Changó's Beads and Two-Tone Shoes is William Kennedy's eighth novel in the Albany Cycle, which covers more than a century of Albany's history as it follows different families in the politically corrupt New York State capital. The series began in 1975 with Legs; it includes Billy Phelan's Greatest Game (1978), the Pulitzer Prize–winning Ironweed (1983), Quinn's Book (1988), and Roscoe (2002), among others.
The Story: Daniel Quinn, grandson of the narrator of Quinn's Book, starts his adventure in 1957 in revolutionary Cuba, where he is covering Fidel Castro's attacks on the Batistas. Three personalities--Ernest Hemingway; Renata, a beautiful, aristocratic Cuban woman and secret gunrunner for Castro's insurgency; and Castro himself--play large roles in shaping Daniel and his crusading beliefs. A decade later, a few months after the assassination of Martin Luther King, Jr., Daniel, now a journalist in Albany, New York, is covering the civil rights movement. Living with Renata and his senile father, a former numbers runner for the Irish mob, he hears of a conspiracy to kill the mayor. But that is just one thread in this latest installment of the Albany cycle, which travels from the nightclubs of Cuba to the racially polarized streets of Albany in its exploration of romance, racism, revolution, and the lasting corruption of the state's political machine.
Viking. 336 pages. $26.95. ISBN: 9780670022977
NY Times Book Review
"[It] is his most musical work of fiction: a polyrhythmic contemplation of time and its effects on passion set in three different eras, a jazz piece unafraid to luxuriate in its roots as blues or popular ballad or to spin out into less melodic territory. ... Kennedy's time scheme allows him to quit a sequence with a lot of business left hanging, teasing us, leading us through other events with other characters so that plot points mean much more when finally resolved." John Sayles
Wall Street Journal
"Changó's Beads and Two-Tone Shoes is written with such brio and encompassing humanity that it may well deserve to be called the best of the bunch [of the Albany Cycle]. ... Mr. Kennedy's heroes are those who, like the author, recognize their own fates in the fates of their ancestors." Sam Sacks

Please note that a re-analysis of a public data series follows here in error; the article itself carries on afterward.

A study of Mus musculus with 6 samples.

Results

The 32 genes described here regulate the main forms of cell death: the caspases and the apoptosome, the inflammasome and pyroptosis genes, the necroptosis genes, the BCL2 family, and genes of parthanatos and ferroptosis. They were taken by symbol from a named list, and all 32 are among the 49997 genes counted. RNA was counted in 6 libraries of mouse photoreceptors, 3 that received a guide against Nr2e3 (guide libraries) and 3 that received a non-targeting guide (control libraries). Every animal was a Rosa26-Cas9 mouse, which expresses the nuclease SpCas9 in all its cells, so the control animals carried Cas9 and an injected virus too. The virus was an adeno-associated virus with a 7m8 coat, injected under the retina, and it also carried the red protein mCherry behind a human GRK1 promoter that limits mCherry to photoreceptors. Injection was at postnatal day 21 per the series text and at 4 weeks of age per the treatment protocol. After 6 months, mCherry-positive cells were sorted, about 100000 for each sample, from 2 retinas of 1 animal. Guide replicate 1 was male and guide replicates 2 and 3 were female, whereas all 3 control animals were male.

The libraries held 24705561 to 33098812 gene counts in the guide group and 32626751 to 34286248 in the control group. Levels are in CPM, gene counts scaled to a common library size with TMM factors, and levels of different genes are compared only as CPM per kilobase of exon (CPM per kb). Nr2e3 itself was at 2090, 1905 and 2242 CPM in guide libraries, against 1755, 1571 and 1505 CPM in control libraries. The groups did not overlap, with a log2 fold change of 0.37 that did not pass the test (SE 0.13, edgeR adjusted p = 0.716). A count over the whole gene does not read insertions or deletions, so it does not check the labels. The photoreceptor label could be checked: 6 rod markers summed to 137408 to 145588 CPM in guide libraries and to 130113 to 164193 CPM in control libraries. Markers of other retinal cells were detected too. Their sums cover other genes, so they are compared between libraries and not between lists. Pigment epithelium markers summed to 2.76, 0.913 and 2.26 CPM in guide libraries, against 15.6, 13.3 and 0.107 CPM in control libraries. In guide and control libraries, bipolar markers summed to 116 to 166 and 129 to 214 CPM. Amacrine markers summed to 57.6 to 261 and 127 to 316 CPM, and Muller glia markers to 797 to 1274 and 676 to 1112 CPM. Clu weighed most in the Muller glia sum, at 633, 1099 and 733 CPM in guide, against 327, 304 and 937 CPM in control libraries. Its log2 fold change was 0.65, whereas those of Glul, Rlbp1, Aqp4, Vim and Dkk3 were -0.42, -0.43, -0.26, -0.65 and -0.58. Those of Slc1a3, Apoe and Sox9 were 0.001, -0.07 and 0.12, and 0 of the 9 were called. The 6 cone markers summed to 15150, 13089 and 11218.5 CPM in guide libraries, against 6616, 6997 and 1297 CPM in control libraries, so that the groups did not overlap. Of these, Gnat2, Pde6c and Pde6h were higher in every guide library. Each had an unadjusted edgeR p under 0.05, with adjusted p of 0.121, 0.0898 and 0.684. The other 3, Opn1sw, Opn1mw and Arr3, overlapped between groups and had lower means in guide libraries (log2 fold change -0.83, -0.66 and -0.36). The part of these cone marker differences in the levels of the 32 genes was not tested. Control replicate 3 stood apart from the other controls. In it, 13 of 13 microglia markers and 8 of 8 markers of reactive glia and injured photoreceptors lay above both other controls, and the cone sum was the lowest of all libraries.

Los Angeles Times
"In the end, Changó's Beads doesn't close circles in the Albany cycle, though with Kennedy in his ninth decade one wonders how many more turns he might have in him. Kennedy has made art by peopling Albany's past with his imagination, so it is fitting that Kennedy himself will eventually become part of the city's past, part of a cycle of life, death and imagination rooted in the reality of place." Scott Martelle
"It's an attempt to juxtapose Castro's revolution with the civil rights movement of 1960s United States. Linking them was inspired. Treating them with equal command was harder. But even when Kennedy falters--keeping track of everyone's relationships is challenging--his language, by turns terse as Hemingway's and wild as Joyce's, startles and pleases." Carlo Wolff
"It's best read for its jazzy writing rather than its crowded plot, which at times becomes hard to follow. ... Readers of Kennedy's earlier novels will feel as if they've stumbled into a raucous family reunion." Bob Minzesheimer
"Changó's Beads and Two-Tone Shoes, like all its predecessors, is vivid and charming, but it also borders on the chaotic. ... The more considerable difficulty with Changó's Beads and Two-Tone Shoes is that there's simply too much going on and it doesn't always make a great deal of sense." Jonathan Yardley
Changó's Beads and Two-Tone Shoes is a worthy addition to the Albany Cycle, if not, perhaps, one of the best in it. At age 83, Kennedy is as insightful as ever into the "perpetual return"--what Daniel describes as the never-ending revolt against injustice, and injustice's faithful return--that marks the Albany Cycle. The novel, "brawling with energy" (Oregonian), gives the sense "of somebody who has seen and considered much, without letting his inner fire cool" (New York Times Book Review). But in juxtaposing Castro's revolution with America's 1960s civil rights movement, Kennedy may have bitten off more than he can chew. Though both sections are both historically, richly imagined, the novel often feels crowded with characters, relationships, and stories-within-stories. Whether it is "a relatively minor episode in the Albany Cycle" (Washington Post) or "the best of the bunch" (Wall Street Journal) remains to be seen.